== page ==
Music Review: Eminem's "Relapse: Refill"

12/21/2009 Posted by Admin

By our guest blogger, Sanela Djokovic

Eminem wanted fans to have a little something to chew on while they await "Relapse 2," set to drop next week. He wants to take his next album into a different direction and that is probably why he won’t include the eight tracks on "Refill" in "Relapse 2." It is just as well, considering that they are not solid enough on which to build an Eminem album around. Sure enough, all of the songs episodes of muddled lunacy--some dark, some comedic--which is to be expected. Ultimately, however, they are the idle little stocking-stuffers and not the wrapped-up gifts under the tree.

The first additions to the re-release is the hit record "Forever," which is off Drake’s debut album, but also featuring Lil Wayne, Kanye West and Eminem. A nearly invincible team turned this song into a force on radio airplay and music television, with each artist leaving their signature on the track. Yet, Drake, Wayne and Best feel like an opening act for Shady’s verse, which is high-speed and sharp, and truly a lesson. Another lesson comes in the last track "Drop the Bomb on ‘Em," where Eminem uses a hard beat and even a Jamaican accent to let everyone know who runs the game: "Yea, you fresher than most boy/ I’m just doper than all boy." He not only defends his title, but points out the fear he believes he instills in people: "Shady please, please don’t drop the bomb on me… I don’t want no dog gone beef…"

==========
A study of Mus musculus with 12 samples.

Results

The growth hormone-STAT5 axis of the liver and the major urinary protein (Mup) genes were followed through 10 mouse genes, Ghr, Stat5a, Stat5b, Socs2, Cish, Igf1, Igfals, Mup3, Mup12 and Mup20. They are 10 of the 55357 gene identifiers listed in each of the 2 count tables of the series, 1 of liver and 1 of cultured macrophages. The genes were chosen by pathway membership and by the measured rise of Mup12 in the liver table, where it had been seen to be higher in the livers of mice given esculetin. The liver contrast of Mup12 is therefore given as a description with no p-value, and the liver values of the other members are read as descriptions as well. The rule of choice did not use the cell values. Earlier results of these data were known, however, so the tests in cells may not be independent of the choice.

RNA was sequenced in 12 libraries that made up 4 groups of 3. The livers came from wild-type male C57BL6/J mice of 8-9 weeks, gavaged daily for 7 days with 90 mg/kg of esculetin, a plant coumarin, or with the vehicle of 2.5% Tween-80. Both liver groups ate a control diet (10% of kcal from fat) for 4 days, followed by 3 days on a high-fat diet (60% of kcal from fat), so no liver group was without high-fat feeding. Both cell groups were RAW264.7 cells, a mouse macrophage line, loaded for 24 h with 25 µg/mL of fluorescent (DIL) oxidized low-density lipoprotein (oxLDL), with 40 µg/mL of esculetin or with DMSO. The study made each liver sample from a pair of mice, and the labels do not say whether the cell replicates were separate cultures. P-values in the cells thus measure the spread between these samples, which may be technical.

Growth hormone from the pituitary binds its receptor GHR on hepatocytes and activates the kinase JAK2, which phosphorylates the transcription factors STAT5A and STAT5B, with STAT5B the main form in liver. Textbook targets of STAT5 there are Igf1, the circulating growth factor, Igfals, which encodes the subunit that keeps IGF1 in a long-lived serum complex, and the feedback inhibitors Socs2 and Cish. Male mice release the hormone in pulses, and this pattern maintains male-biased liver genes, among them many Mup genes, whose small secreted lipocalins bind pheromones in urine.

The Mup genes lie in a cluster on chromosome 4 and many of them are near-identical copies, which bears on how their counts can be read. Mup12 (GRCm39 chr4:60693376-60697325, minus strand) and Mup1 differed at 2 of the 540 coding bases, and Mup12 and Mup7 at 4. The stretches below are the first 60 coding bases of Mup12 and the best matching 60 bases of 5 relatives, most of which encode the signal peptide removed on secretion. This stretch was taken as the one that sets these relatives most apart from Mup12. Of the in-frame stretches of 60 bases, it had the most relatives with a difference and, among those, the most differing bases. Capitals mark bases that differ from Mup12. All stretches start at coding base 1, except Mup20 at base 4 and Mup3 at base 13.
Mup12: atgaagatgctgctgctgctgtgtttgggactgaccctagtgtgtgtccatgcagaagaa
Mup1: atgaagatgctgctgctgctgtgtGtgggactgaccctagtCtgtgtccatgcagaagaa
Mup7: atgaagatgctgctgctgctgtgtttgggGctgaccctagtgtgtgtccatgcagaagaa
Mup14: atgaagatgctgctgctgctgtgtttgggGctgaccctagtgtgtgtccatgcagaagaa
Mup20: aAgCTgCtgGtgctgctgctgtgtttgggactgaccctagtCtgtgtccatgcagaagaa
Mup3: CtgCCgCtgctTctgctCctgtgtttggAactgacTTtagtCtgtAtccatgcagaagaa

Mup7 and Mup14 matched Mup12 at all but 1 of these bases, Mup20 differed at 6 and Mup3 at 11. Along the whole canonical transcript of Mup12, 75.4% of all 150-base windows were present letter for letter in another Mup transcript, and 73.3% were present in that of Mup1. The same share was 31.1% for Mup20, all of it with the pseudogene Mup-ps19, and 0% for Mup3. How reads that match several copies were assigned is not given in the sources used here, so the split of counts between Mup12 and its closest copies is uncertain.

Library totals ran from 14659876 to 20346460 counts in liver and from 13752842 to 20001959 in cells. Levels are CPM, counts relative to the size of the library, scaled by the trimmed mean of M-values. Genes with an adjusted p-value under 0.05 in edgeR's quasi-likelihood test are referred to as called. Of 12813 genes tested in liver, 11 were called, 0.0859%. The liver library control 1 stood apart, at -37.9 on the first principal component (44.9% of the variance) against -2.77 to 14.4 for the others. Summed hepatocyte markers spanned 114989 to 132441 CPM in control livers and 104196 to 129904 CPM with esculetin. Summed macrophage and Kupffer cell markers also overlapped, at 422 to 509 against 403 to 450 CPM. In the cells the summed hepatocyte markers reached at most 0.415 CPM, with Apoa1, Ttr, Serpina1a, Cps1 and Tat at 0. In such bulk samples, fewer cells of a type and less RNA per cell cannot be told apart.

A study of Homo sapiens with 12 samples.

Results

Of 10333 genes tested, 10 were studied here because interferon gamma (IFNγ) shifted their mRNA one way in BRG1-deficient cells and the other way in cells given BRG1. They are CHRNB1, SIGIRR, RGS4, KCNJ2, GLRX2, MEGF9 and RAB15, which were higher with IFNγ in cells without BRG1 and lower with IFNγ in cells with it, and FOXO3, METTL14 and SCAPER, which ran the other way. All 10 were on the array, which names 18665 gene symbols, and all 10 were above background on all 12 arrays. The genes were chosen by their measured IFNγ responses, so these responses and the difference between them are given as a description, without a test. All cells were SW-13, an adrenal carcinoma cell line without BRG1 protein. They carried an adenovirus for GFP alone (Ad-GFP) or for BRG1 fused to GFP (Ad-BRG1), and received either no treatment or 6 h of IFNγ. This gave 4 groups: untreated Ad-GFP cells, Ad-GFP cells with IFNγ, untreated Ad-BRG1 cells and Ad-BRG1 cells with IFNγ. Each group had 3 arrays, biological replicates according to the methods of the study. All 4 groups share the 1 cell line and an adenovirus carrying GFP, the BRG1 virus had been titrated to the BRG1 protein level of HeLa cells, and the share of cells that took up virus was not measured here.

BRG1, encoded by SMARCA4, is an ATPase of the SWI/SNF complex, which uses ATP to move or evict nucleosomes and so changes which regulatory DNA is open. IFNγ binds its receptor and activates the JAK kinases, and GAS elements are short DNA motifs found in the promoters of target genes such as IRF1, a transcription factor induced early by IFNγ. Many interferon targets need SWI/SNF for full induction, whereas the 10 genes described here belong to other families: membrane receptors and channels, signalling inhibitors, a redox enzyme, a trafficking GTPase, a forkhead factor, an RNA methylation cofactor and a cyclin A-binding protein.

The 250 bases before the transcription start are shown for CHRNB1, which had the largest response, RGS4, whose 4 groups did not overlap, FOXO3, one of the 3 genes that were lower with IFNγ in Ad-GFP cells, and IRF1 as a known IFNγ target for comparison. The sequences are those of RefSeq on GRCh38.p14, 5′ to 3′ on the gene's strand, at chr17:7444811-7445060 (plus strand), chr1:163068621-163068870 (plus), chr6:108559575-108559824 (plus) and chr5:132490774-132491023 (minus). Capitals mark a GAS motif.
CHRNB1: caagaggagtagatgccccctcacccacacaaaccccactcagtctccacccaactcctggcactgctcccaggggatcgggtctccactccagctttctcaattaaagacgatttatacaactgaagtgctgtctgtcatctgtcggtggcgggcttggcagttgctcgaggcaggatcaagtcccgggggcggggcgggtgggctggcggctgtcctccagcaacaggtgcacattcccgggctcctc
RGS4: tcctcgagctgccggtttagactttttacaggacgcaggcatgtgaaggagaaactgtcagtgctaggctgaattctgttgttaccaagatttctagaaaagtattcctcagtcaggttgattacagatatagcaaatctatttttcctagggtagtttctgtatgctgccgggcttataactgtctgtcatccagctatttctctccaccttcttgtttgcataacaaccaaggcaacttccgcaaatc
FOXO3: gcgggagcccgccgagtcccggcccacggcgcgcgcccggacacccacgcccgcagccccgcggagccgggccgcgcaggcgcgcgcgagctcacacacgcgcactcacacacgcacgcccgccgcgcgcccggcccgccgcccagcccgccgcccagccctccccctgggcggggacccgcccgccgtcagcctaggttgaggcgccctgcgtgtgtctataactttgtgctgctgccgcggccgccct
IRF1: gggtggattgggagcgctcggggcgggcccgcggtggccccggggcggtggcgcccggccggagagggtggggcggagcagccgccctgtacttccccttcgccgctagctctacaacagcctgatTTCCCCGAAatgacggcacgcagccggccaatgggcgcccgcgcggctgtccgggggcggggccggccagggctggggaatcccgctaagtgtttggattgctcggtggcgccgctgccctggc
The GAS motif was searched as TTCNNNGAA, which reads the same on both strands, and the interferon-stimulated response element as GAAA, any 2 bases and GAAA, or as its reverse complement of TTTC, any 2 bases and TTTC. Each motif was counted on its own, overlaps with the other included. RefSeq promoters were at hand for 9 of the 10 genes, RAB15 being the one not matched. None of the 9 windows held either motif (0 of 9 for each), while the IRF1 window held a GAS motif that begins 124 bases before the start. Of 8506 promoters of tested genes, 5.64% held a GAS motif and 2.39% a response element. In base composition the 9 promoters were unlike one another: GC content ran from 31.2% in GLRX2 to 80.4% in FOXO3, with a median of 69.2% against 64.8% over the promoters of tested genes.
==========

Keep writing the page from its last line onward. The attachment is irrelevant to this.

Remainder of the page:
Other amusing tracks include "Elevator," a taunting address of his image and recognition of how far he had made it, and "Taking My Ball," a declaration in a child’s voice where he drops names such as Sarah Palin, Heidi Klum, Kim Kardashian, Kelly Pickler and Mischa Barton. But, he leaves plenty of room for pill-induced hysteria. "Buffalo Bill" has an intro featuring a chainsaw, barking dogs and a screaming woman. It sounds very much like a B-list horror flick: "Skin ‘em up, hem ‘em up, sew ‘em up" and "severin’ legs, arms, damn there goes another limb." Then, there is "Music Box," about a child serial killer. The music-box sounds behind the flow of Em’s spittage sometimes distract you from the lyrics about drugs, guns and toy chest full of limbs.

The "Refills" tracks are not overpowering, not even very memorable, but they provide enough witty lines and fast rhymes to amuse Eminem fans for a short while. Not until next year, certainly, but they’re used to waiting.